Identifying Targets for Alzheimer’s Disease: MAPK14
Despite progress, there is no cure for AD, necessitating on-going research into biological targets to develop effective treatments. Using Causaly, MAPK14 was identified as a potential target associated with AD progression which has been studied in mice.
A Progressive Neurodegenerative Disorder
Alzheimer’s disease (AD) represents 60-70% of dementia cases worldwide.¹ By 2050, global AD cases are projected to exceed 150 million.² AD is characterized by protein aggregation, plaque deposition, and the presence of neurofibrillary tangles in the brain.³ Cognitive decline, a primary symptom of AD, manifests years or even decades prior to clinical diagnosis. The challenge lies in the early detection and effective treatment of AD, given its subtle onset and complex pathophysiology.
Currently, AD is managed through symptomatic treatments aimed at mitigating cognitive decline and related symptoms. In 2023, the FDA-approved antibody drug, Lequembi, emerged as a significant advancement, targeting amyloid-beta to reduce brain amyloid plaques and decelerate cognitive deterioration. ⁴
Despite progress, there is no cure for AD, necessitating on-going research to develop effective treatments. Central to this endeavor is the identification of molecular and biological targets that can pave the way for potential disease-modifying therapies. Here, we have used Causaly to explore potential targets for AD.
Target Identification and Prioritization
With over 200,000 articles published on AD, drug discovery researchers face challenges in identifying a starting point for their investigations. Causaly helps manage this data overload by machine-reading the literature and extracting target-disease relationships. This enables scientists to prioritize potential drug targets with greater efficacy.
Mitogen-activated protein kinase 14 (MAPK14)
MAPK14 is a protein kinase involved in the regulation of cellular stress responses, in addition to controlling cell proliferation and survival. Deletion of MAPK14 in an APP-PS1 transgenic AD mouse model was shown to increase autophagy and reduce amyloid plaque pathology.⁵ More recently, the deficiency of MAPK14 in all myeloid cells, not just microglia, triggers efficient Aβ clearance in the brain and improves cognitive function of APP‐transgenic mice.⁶ Therefore, MAPK14 could be a potential therapeutic strategy for AD.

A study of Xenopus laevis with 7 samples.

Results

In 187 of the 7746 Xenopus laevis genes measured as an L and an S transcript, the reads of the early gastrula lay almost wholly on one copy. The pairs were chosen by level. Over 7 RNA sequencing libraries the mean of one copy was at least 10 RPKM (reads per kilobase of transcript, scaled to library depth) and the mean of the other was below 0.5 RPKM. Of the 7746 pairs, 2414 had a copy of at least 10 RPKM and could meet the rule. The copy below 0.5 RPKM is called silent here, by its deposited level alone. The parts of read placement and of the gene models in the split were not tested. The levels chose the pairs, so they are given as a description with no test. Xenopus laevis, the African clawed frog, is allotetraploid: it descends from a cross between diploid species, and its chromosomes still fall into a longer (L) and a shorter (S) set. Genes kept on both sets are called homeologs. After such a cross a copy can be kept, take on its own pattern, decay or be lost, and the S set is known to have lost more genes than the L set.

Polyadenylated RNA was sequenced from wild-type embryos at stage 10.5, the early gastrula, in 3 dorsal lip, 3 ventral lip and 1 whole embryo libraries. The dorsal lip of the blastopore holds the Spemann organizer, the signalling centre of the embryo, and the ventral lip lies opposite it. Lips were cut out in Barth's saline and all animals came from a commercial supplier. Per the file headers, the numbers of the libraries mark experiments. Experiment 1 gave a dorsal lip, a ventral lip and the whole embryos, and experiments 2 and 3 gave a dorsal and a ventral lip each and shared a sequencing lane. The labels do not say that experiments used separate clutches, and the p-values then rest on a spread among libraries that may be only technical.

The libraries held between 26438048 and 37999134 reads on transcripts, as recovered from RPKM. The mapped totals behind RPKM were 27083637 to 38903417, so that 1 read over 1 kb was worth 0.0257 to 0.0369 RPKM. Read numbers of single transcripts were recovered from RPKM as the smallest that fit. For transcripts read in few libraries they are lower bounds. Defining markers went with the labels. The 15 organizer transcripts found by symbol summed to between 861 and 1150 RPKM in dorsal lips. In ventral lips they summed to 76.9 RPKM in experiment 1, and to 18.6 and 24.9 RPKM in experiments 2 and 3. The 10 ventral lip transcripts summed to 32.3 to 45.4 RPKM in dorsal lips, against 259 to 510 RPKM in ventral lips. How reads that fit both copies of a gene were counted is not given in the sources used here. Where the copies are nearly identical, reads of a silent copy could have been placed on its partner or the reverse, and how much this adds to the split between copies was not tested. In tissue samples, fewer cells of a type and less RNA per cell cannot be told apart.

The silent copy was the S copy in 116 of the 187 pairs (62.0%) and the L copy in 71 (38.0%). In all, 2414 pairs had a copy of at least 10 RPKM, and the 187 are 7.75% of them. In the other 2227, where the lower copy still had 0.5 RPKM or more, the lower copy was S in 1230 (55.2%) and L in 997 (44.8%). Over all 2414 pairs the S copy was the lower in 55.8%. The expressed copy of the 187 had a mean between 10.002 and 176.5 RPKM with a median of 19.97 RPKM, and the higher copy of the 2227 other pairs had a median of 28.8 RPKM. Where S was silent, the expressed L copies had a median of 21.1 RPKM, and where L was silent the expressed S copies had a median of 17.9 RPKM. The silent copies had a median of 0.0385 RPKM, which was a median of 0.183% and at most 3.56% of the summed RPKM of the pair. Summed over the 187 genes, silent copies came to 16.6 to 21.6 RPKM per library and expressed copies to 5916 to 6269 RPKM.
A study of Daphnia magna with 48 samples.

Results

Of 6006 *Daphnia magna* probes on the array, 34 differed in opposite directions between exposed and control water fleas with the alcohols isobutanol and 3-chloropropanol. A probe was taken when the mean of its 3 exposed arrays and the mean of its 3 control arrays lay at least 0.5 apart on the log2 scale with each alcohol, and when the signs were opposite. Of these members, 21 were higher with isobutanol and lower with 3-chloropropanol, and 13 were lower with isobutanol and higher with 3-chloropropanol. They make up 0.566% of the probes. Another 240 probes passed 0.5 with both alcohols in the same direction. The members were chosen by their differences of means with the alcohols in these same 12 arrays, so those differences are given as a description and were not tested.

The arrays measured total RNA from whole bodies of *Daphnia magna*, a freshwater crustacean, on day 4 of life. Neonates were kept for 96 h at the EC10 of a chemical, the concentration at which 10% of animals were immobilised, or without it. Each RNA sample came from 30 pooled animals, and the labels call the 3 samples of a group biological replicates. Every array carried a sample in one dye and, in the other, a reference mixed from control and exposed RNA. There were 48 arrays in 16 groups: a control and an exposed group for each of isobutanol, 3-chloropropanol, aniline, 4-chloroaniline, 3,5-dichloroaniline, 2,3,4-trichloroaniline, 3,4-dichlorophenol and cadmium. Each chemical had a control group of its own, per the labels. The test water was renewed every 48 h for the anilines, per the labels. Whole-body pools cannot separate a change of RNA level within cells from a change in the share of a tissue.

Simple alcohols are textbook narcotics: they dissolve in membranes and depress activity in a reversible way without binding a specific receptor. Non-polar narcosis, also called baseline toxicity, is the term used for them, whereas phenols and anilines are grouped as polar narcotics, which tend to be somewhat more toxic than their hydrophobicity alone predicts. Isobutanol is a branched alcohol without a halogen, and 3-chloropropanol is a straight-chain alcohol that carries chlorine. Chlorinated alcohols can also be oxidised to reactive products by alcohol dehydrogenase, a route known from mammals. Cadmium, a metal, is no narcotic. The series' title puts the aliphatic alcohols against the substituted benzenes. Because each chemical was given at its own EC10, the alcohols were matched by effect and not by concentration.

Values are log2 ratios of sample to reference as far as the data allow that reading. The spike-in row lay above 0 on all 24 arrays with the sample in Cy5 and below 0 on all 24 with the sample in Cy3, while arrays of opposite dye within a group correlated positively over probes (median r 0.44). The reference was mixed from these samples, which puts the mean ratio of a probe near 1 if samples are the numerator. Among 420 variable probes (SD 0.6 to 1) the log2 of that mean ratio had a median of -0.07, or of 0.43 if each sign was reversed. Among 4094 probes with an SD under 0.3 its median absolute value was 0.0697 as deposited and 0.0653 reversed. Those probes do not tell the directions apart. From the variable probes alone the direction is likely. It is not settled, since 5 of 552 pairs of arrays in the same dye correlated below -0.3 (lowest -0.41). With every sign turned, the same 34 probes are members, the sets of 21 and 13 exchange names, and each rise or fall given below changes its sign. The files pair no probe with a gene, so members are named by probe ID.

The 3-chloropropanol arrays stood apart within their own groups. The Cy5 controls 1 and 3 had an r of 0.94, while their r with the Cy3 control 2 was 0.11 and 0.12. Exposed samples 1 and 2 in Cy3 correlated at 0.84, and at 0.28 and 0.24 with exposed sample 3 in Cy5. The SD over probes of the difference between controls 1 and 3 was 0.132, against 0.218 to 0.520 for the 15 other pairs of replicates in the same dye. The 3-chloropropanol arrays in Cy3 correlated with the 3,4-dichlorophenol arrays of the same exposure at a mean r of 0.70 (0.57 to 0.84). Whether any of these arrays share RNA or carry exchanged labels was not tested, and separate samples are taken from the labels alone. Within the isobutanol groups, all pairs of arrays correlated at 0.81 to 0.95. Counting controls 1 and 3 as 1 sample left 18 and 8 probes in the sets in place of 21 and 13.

Exploring the Mechanism of Action
Understanding the mechanism of action of MAPK14 is pivotal for evaluating the efficiency of a target’s inhibition from a treatment perspective. By utilizing Causaly, pathways affected by MAPK14 inhibition in AD can be identified.
Simvastatin was shown to regulate ERK/MAPK signaling in hippocampal cells, leading to increased expression levels of phospho-ERK/MAPK in a triple-transgenic AD mouse model.⁷ Another study showed that the inactivation of MAPK14 alleviated endophilin A1- and Aβ-induced synaptic loss and deficits in vesicle recycling and hippocampal LTP.⁸ In addition, the activation of MAPK14 via endophilin A1 was reportedly responsible for Aβ-induced aberrant mitochondrial function and oxidative stress.⁸
Comparative Analysis: APP, MAPT and MAPK14
To understand similarities and differences in the mechanisms of action of different targets of interest, a comparative analysis can be performed in Causaly. Here we compared APP and MAPT (two of the most studied AD targets) and MAPK14 on a pathway level.
Shared pathways affecting all three targets include apoptosis and mitophagy. The overexpression of APP, MAPT and MAPK14 induce oxidative stress and apoptosis, leading to neurodegeneration. Interestingly, studies have shown that the p38 MAPK pathway is involved in the activation of melanogenesis through elevation of microphthalmia-associated transcription factor expression.⁹
Target identification remains pivotal in Alzheimer’s research. Pinpointing precise molecular and biological targets have the ability to revolutionize treatment approaches. By understanding and prioritizing these targets, we edge closer to more effective therapies, offering hope to millions affected by this debilitating neurodegenerative disorder.